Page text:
Downsizer Moderator


Joined: 29 Oct 2004
Posts: 12908
Location: North Devon
PostPosted: Wed Jan 05, 05 1:08 pm    Post subject:  Reply with quote    

HWH,

How long do these last, with normal wear. They look great.

hardworkinghippy



Joined: 01 Jan 2005
Posts: 1110
Location: Bourrou South West France
PostPosted: Wed Jan 05, 05 4:40 pm    Post subject: Reply with quote    

Hi Alison

I have about fifteen pairs and some of them are more that 8 years old. I do have to darn them sometimes, but at least they're worth darning because they are as good as new. I wear them all year round and mostly wear boots, wellies and sandals.

I'll ask some of my pals how their socks are doing and post some replies.

HWH

Sarah D



Joined: 28 Oct 2004
Posts: 2584

PostPosted: Wed Jan 05, 05 5:53 pm    Post subject: Reply with quote    

Another darner! I thought we were extinct............ I find it very therapeutic.

mochyn



Joined: 21 Dec 2004
Posts: 24551
Location: mid-Wales
PostPosted: Wed Jan 05, 05 6:19 pm    Post subject: Reply with quote    

Making up problems can be avoided by knitting in the round and grafting. That's something for you to look forward to! True Ganseys are knitted with no seams! (Ganseys are like arans, but usually navy worsted yarn with ornamentation only on the shoulders and at the welt.) Bet you didn't know there was so much technical codswallop to knitting! When I taks some pics. I'll post some of my work.

tahir



Joined: 28 Oct 2004
Posts: 43966
Location: Essex
PostPosted: Wed Jan 05, 05 6:21 pm    Post subject: Reply with quote    

Blimey this is turning into the downsizer hand knitters club. Jolly good

mochyn



Joined: 21 Dec 2004
Posts: 24551
Location: mid-Wales
PostPosted: Wed Jan 05, 05 6:25 pm    Post subject: Reply with quote    

Well, I got fed up with all the techno-speak! At last I've found something I know about!

tahir



Joined: 28 Oct 2004
Posts: 43966
Location: Essex
PostPosted: Wed Jan 05, 05 6:26 pm    Post subject: Reply with quote    

Well all that knitting talk is the same to me, so carry on...

By the way what is a worsted yarn?

alison
Downsizer Moderator


Joined: 29 Oct 2004
Posts: 12908
Location: North Devon
PostPosted: Wed Jan 05, 05 7:08 pm    Post subject: Reply with quote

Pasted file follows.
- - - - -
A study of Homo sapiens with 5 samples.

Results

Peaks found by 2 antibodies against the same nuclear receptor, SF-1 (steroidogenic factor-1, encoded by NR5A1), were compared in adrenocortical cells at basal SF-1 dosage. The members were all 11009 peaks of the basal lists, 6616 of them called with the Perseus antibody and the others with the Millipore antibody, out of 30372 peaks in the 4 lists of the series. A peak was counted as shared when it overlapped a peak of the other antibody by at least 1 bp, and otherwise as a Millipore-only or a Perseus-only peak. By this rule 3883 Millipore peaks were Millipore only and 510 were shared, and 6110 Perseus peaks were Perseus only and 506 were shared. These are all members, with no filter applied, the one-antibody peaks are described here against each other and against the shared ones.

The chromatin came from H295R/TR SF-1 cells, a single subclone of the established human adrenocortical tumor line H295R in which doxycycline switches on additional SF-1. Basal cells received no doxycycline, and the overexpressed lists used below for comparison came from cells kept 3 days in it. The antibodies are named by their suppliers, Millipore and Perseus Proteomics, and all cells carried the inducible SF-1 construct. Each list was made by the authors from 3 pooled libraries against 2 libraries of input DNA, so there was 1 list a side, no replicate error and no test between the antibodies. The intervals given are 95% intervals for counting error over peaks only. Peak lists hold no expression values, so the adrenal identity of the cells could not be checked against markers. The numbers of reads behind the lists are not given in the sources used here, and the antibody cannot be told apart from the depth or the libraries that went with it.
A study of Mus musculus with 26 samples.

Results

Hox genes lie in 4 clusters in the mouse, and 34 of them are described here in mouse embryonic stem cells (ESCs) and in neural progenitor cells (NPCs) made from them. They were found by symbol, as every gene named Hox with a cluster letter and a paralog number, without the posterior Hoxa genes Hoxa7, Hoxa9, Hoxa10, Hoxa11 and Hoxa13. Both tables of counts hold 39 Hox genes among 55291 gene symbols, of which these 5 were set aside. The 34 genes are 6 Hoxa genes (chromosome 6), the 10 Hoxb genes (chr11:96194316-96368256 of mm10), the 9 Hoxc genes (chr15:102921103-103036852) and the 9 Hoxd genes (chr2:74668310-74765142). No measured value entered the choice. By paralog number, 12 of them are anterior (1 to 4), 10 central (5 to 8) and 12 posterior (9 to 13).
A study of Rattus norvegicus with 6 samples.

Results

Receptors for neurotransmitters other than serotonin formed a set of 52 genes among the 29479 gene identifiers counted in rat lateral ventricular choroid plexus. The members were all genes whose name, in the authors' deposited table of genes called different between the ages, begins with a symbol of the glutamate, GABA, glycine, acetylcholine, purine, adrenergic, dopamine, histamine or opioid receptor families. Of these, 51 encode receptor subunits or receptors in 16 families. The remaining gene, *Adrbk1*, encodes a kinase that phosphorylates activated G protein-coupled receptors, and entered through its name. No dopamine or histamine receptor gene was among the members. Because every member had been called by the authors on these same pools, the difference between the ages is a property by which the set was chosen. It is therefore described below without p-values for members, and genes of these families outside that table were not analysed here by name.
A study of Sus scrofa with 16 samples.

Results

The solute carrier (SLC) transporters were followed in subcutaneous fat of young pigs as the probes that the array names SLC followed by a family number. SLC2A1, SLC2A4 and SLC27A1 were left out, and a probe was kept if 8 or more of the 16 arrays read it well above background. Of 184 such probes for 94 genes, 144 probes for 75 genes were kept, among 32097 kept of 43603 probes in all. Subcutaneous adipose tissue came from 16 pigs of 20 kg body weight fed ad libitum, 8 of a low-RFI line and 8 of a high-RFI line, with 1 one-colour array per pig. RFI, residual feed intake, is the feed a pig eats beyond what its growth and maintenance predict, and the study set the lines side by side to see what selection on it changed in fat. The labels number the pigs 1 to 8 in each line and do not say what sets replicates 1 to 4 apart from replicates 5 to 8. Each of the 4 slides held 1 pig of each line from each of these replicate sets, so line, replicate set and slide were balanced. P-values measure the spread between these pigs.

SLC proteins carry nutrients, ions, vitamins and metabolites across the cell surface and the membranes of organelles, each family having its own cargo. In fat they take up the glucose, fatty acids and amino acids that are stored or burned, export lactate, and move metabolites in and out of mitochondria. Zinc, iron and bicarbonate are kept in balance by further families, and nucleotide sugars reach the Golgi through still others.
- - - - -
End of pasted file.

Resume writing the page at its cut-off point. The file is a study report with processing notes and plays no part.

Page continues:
I knit mine on 4 needles, so no seams, but I have only had them for about 18 month and younger (I have a sock permenently on the go, in the car, while waiting at school)
I always darn my good boot socks, or proper jumper elbows, but these days shop socks just tear into a big hole they are not worth doing.

Sarah D



Joined: 28 Oct 2004
Posts: 2584

PostPosted: Thu Jan 06, 05 1:27 pm    Post subject: Reply with quote    

Traditional British knitting is one of my hobby horses - more on the Ganseys. Worsted yarn is spun from a wool with a long staple - makes it stronger. Wool for Ganseys is quite often oiled as well in order to help the waterproofing; the sleeves are longer than usual to keep wrists dry. The patterns are distinctive to each area - patterns knitted in the north east will differ from those in the south, and quite often vary/varied from port to port. Thus, when a fisherman drowns, it is easier to discover where the poor soul came from due to the patterns on his Gansey. Initials are quite often worked in as well. The patterns are based on everyday items in the fishermens' lives - ropes/cables, nets, wave patterns etc. They have knitted gussets under the arms to facilitate easy movement on the boats. Knitted from good quality wool, they will last for years.

tahir



Joined: 28 Oct 2004
Posts: 43966
Location: Essex
PostPosted: Thu Jan 06, 05 1:37 pm    Post subject: Reply with quote    

Sarah D wrote:
Worsted yarn is spun from a wool with a long staple


Ta, I've always wondered

sean
Downsizer Moderator


Joined: 28 Oct 2004
Posts: 41739
Location: North Devon
PostPosted: Thu Jan 06, 05 2:19 pm    Post subject: Reply with quote    

And a long staple is.....?

hardworkinghippy



Joined: 01 Jan 2005
Posts: 1110
Location: Bourrou South West France
PostPosted: Thu Jan 06, 05 2:21 pm    Post subject: Reply with quote    

I love darning too Sarah, but not too much! I loved your explanation about the jumpers, I don't think a lot of people realize the history and significance behind them.

Tahir, I note a certain in your voice. A long "staple" is a long straight length which means the spun yarn is stronger because the staples are wound around themselves to make the yarn. So you can pull at the wool and it doesn't break easily.

A short staple gives a fluffy but weak yarn (like angora rabbit) and the longer the staple the stronger the yarn (some acrylics would cut your finger off before they broke!)

Angora has a long staple, but is crimped (there's another thread somewhere... ) which makes it strong and comfortable to wear at the same time.

It also is a dream to dye.

Here's a link to show what I mean:

http://www.totalfrance.com/france/gallery/irene

HWH

PS Can you tell Sarah & I went to the same textile college folks?

tahir



Joined: 28 Oct 2004
Posts: 43966
Location: Essex
PostPosted: Thu Jan 06, 05 2:26 pm    Post subject: Reply with quote    

hardworkinghippy wrote:
Tahir, I note a certain in your voice.


Not me, worked in textiles since I was 10, just never got round to finding out what a worsted yarn is. I can tell you combed from carded at 10 paces

Sarah D



Joined: 28 Oct 2004
Posts: 2584

PostPosted: Thu Jan 06, 05 3:49 pm    Post subject: Reply with quote    


tahir



Joined: 28 Oct 2004
Posts: 43966
Location: Essex
PostPosted: Thu Jan 06, 05 8:49 pm    Post subject: Reply with quote    

Need a bit of advice the missus is knitting a chunky scarf in a jersey knit, how can she stop it curling in? Or is that just the nature of the stitch?